Thursday, September 22, 2011


I spent a lot of time yesterday working on an abstract and a rationale for a panel I'm putting together. In and of itself, neither task was that difficult (although I was a little concerned at first that there weren't quite as many points of intersection between the three arguments as I'd hoped, in the end I found a solid through-line), which was a happy discovery. It could just be that my mind is looking forward to the readings I've assigned my students for the next few weeks, or it could be that the extended discussion on the purpose and value of scholarly work in class on Monday night is continuing to hum away in my brain, but I kept imagining how writing this abstract and rationale would have gone a year ago, or two years, or five years ago. This is, of course, not the first time I've wondered about such things.

One year ago it would have been difficult--I could have managed it, though I doubt that the finished abstract and rationale would be of the same quality as what I produced yesterday. Two years ago? I'm not sure I was ready to produce the rationale: I think I would have been able to write one, but I'm not convinced I really understood how to make it do what it needs to do (basically, the whole creating a conversation that the papers are each contributing to would have been okay, but getting across any kind of "So what?" or "Who cares?" point was not my greatest skill). Five years ago? Not a chance. Five years ago I'd never even written a conference length paper for an English class. It's shocking now to look back and realize that, but it wasn't until the very end of my third year of undergrad that I wrote a conference length paper for an English class. Most English classes I took required essay exams, not papers.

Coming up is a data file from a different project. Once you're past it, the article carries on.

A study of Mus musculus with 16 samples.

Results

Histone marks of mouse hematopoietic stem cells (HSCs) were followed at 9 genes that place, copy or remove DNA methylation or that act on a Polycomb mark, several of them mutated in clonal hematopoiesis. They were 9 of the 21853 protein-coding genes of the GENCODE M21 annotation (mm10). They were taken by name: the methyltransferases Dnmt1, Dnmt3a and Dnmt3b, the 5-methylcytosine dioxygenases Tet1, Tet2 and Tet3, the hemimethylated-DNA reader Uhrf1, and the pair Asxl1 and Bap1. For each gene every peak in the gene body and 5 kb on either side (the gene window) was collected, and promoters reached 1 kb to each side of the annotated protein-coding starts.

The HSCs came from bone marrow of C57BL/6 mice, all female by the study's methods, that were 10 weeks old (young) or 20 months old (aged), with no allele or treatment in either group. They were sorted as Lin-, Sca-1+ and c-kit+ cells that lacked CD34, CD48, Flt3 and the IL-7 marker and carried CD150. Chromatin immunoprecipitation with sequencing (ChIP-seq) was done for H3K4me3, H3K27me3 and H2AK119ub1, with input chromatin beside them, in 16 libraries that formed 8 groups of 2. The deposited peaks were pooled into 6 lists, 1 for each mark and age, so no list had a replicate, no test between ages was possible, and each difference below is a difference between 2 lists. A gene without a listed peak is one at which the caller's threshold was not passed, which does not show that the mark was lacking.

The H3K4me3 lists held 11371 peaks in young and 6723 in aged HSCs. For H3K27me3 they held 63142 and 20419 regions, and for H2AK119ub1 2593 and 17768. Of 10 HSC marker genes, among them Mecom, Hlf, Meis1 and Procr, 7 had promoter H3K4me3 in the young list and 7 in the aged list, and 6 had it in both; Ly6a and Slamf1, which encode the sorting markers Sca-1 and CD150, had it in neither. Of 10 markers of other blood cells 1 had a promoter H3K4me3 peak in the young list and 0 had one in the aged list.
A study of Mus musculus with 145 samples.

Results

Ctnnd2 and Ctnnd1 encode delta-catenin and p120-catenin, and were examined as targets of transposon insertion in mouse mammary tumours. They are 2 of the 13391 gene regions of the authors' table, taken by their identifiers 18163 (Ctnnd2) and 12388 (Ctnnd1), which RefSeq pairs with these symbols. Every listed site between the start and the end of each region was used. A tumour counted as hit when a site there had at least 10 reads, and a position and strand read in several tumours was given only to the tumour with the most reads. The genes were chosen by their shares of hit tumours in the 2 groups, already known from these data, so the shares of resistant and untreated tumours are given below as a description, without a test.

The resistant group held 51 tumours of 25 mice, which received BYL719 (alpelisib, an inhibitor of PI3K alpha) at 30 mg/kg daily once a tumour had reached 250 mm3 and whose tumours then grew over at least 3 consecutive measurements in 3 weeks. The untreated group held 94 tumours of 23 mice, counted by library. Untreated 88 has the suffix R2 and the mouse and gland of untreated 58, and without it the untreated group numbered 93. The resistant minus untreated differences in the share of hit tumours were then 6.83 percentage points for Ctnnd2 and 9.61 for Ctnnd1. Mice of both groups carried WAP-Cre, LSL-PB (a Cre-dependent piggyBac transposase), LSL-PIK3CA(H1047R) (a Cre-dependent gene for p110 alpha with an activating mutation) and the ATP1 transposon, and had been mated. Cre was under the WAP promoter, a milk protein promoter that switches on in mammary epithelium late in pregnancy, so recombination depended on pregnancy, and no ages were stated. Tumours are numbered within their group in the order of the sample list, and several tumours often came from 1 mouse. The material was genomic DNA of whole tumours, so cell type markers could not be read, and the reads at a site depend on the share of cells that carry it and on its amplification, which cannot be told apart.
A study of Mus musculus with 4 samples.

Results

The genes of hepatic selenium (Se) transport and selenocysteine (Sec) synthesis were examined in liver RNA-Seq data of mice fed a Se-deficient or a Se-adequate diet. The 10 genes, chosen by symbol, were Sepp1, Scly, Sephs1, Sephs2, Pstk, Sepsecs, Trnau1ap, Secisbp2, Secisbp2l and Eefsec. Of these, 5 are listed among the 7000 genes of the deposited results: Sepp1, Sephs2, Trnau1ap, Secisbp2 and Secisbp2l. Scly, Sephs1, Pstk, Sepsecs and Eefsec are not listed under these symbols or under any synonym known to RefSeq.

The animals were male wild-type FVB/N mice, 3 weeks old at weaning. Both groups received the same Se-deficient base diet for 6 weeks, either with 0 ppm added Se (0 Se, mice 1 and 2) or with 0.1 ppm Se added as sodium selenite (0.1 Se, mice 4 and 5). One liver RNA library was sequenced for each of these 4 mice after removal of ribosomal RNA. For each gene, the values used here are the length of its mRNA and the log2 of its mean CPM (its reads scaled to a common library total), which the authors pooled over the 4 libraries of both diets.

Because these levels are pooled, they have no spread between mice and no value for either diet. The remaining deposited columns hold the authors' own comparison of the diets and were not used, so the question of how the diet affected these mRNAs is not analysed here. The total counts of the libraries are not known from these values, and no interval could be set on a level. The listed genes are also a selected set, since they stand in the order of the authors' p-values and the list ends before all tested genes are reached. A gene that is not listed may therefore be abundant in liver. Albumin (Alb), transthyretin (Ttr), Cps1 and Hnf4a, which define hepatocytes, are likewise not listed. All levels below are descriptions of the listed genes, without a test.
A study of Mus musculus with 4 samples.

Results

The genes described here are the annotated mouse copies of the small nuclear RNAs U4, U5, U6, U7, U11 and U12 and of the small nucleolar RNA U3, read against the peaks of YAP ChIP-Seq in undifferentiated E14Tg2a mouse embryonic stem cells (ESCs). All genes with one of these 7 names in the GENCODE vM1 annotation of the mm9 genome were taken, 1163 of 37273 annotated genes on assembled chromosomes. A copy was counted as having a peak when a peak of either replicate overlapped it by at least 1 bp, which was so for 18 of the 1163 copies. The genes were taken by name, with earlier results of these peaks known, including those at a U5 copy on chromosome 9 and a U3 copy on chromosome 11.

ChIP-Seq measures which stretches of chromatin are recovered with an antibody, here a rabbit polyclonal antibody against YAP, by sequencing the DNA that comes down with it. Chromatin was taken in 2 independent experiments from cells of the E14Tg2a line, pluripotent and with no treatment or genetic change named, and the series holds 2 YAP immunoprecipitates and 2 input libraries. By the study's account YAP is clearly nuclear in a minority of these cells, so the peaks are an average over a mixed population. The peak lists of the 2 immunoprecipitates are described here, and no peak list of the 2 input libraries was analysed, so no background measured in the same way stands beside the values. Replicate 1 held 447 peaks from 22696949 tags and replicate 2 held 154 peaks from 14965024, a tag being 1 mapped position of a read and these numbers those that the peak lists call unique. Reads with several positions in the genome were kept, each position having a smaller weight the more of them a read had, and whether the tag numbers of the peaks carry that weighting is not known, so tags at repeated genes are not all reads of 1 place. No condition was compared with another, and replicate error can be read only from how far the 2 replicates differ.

In a meeting I had with a professor a couple weeks ago, when I mentioned my anxieties re: my lack of publications--specifically, that I'm starting to feel like I'm falling behind the rest of my cohort in that regard--the response I got was "it's not a race." I don't entirely believe it, but I desperately hope it's true. In a lot of ways, I feel like it took me a year of work in my MA program to wind up where the students with whom I'd entered program had started. By the time I'd finished my MA and was ready to start my PhD, I think I'd reached the point at which most people are starting to apply for PhD programs. A year into my PhD program, it seems like I'm where a lot of people were a year ago. Being able to spend a few hours yesterday afternoon and write those two documents seems to me like a good demonstration of some basic PhD student (and perhaps graduate student at any level) skills. If grad school and professional development aren't a race, that's a good thing, because I think I just managed to get my shoes on. If it is a race, well, I was always better in the second half of my races, anyway.

Now, next test: I need to have a paper ready for presentation to the department three weeks from Friday. If this presentation goes well--and if a few people give the new draft of the whole thing (rather than the condensed version I'll present) a thumbs up--this will be the first thing I send out. Fingers very much crossed, here. Of course, one sop to my confidence: I've been made co-organizer of a panel at ACLA (the same one that had been shot down by MLA). If you'll be at ACLA in March, come say hello!